Junior shares story of aneurysm, support

Revealing+the+scar+left+from+the+surgery+to+repair+his+aneurysm%2C+junior+Thor+Lyche+anticipates+needing+yearly+brain+scans+for+the+rest+of+his+life.+%22I+still+can%27t+work+out%2C+but+I%27m+getting+off+medication+so+I+can+focus+on+school%2C%22+Lyche+said.+

Mary Brady

Revealing the scar left from the surgery to repair his aneurysm, junior Thor Lyche anticipates needing yearly brain scans for the rest of his life. “I still can’t work out, but I’m getting off medication so I can focus on school,” Lyche said.

It began with light headaches that became so severe junior Thor Lyche found it difficult to walk or stand. It finally became intolerable on Dec. 21, and Thor’s mother took him to get a CAT scan at Lawrence Memorial Hospital. He was immediately transferred to the University of Kansas Medical Center in Kansas City where doctors found an aneurysm on Dec. 26 behind a blood vessel in his brain.

An aneurysm is a blood-filled sac that can grow on any blood vessel, most commonly in the brain. When the sac ruptures, it causes bleeding and hypovolemic shock.

“Forty percent of people who get aneurysms die, so it’s nice to be part of the 60 percent,” Thor said.

Surviving his aneurysm is only the first part of his recovery. Thor will need yearly brain scans for the rest of his life.

When Junior Thor Lyche began experiencing headaches so severe he had to be taken to Lawrence Memorial Hospital, doctors discovered an aneurysm located in his brain. "I started getting really bad headaches and they wouldn't go away and I couldn't, like, stand up or walk around because my head hurt so much," Lyche said.
Mary Brady
When Junior Thor Lyche began experiencing headaches so severe he had to be taken to Lawrence Memorial Hospital, doctors discovered an aneurysm located in his brain. “I started getting really bad headaches and they wouldn’t go away and I couldn’t, like, stand up or walk around because my head hurt so much,” Lyche said.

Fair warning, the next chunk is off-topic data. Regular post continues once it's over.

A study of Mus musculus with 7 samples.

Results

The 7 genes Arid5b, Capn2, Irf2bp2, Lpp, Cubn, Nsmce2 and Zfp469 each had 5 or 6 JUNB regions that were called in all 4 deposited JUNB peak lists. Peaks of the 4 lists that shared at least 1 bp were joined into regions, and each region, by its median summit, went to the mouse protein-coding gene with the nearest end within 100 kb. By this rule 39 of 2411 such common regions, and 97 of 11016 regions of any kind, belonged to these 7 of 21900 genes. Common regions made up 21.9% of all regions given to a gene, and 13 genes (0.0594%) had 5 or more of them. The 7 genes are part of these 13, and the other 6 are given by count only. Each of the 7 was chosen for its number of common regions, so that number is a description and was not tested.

“At first it was really hard; I was on a lot of medication for pain,” Thor said. “I couldn’t concentrate in school, but not anymore. I still can’t work out, but I’m getting off medication so I can focus on school.”

Having swum competitively since elementary, Thor was unable to participate in this year’s school season.

“I had to quit because of [my aneurysm], and I can swim again in four weeks, but the swim season ends by then, so I won’t be able to go back to swimming this year,” Thor said. 

Besides swimming, Thor was an active basketball player from his childhood until October of last year when he got double knee surgery. He has also run track since eighth grade.

While Thor’s aneurysm has taken a toll on his life, he remains optimistic about his recovery. He credits part of his success to his friends and family.

“My brother and parents [have been supportive], like they came up every single day, and my brother came up [to the hospital] and brought people,” Thor said.

Thor’s good friend, junior Andrew Ferguson, visited him every week while he was in the hospital.

“I’m just there for him,” Ferguson said.

Thor’s triplets, juniors Liv and Christian Lyche, helped with Thor’s recovery.

“I’ve just been patient with him and helped him out, like help out where I can,” Christian said. “He can’t really do stuff, but … I just make sure he doesn’t do stuff he’s not supposed to do.”

Christian also holds hope for Thor’s recovery and is by his side for each therapy session.

 “He recovered a lot,” Christian said. “I wouldn’t say quickly, but compared to what happened to him, the recovery was pretty quick.”